Gartner called the trend toward "bring your own devices" as an "unstoppable train coming down the tracks," noting that "C-level executives" have opened the door to employee-owned mobile devices and that younger employees "prefer consumer technologies like iPhones and iPads over enterprise-provided alternatives."
On the flip side, organizations are quickly moving to adopt consumer choices as it helps shift Information Technology costs, including hardware, support and service, to users.
iPhone, iPad seeing the most uptake
Gartner reports that Apple's iOS devices are benefiting the most from the trend toward "bring your own devices," pointing out, as Abramsky reports, "Apple's proprietary model is more enterprise-friendly than Android, given its simplicity (two models — iPhone and iPad), security and manageability features, and platform stability, vs. Android's device fragmentation and missing security features."
Sales, marketing, education, healthcare and retail are seeing the most rapid adoption of consumer selected mobile devices, while the presentation noted that high-security environments are not well suited for "bring your own device" policies, and that poor implementations of the practice could be chaotic for IT departments.
Apple enters the enterprise carried by employees
Apple's Steve Jobs observed several years ago that his company was targeting consumers because as a market, they were open to new options, while the enterprise market sat behind a small number of gatekeeper decision makers that made it very difficult to Apple to sell its products.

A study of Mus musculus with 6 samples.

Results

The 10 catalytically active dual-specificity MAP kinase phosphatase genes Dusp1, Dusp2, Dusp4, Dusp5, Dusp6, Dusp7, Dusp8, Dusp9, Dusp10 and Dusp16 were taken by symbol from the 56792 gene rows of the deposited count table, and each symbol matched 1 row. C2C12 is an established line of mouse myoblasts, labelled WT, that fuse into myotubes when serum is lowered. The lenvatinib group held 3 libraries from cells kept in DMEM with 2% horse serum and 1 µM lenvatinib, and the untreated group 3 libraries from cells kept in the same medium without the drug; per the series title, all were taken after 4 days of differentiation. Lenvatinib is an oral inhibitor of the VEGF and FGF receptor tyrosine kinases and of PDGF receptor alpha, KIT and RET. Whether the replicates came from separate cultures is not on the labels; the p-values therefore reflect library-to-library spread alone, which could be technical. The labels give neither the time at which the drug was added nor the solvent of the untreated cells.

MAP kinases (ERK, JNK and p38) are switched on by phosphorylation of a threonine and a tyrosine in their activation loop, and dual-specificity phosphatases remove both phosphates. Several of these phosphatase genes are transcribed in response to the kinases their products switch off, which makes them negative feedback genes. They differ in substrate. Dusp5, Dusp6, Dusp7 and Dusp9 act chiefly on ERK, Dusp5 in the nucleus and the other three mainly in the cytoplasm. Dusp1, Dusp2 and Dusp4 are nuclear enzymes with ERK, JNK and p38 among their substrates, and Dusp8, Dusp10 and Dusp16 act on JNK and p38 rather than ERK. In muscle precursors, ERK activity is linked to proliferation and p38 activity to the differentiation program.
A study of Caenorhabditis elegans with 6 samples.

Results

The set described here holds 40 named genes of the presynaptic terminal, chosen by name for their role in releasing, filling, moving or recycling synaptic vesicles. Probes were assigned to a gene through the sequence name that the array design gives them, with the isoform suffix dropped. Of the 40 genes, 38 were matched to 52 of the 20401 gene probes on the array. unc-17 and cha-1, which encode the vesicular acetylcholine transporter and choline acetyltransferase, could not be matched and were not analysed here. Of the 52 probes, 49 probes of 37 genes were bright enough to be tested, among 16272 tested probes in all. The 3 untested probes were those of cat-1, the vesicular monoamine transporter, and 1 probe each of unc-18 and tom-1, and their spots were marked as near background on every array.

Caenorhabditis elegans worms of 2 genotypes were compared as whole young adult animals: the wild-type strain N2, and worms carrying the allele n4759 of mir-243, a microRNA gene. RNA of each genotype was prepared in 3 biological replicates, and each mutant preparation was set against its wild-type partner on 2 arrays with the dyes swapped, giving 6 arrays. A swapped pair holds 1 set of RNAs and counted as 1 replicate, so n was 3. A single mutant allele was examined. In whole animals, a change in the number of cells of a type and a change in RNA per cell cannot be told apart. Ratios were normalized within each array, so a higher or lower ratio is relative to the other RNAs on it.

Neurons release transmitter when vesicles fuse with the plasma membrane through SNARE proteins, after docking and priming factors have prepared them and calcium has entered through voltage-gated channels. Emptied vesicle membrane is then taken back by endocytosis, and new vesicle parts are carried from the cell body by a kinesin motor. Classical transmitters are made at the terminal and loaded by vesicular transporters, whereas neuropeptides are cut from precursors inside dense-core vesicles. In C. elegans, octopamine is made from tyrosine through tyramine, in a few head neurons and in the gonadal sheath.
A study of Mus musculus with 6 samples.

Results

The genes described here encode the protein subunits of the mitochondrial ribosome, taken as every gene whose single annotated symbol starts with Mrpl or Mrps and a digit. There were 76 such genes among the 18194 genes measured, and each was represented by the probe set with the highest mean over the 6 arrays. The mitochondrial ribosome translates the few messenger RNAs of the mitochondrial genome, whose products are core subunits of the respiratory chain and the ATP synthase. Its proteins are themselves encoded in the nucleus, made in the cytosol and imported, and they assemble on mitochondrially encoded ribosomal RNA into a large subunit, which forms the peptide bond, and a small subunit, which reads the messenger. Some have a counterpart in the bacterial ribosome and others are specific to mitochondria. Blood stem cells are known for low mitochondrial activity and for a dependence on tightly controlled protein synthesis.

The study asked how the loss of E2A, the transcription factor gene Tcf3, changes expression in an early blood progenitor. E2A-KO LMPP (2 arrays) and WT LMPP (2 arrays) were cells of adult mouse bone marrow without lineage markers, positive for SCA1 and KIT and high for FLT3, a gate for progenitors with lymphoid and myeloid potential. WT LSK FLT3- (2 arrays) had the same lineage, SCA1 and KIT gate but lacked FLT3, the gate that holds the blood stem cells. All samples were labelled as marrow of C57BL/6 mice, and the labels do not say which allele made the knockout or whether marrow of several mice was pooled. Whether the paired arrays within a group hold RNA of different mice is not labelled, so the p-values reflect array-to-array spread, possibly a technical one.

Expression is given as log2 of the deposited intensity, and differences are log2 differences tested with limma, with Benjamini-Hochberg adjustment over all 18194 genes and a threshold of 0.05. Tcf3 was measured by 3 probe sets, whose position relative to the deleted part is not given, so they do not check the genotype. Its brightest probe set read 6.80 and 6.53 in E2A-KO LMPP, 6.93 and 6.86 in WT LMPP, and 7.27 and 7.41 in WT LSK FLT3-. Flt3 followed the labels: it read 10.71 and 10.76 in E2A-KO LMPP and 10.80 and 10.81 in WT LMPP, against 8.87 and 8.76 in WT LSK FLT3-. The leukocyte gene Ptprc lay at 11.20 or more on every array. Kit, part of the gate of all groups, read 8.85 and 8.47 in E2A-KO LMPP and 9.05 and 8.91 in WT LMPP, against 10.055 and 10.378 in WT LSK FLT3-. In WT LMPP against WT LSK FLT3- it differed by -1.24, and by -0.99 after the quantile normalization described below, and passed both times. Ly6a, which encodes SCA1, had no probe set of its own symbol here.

Apple has increasingly focused its efforts on mobile devices and has worked to make them attractive to enterprise users, particularly since the release of iOS 2.0, which added support for Exchange Server and other popular corporate protocols.
Apple has since worked to make both iOS and Mac OS X Lion attractive to corporate customers, recently adding new profile-based system management to Lion, for example, as well as contracting with Unisys to sell Macs and iOS devices to corporations and government agencies.
On the other hand, Apple has shifted away from efforts to sell Xserve and Xserve RAID hardware, and has turned its Mac OS X Server product from a general purpose, $1000 per copy server OS into a $50 Mac App Store download.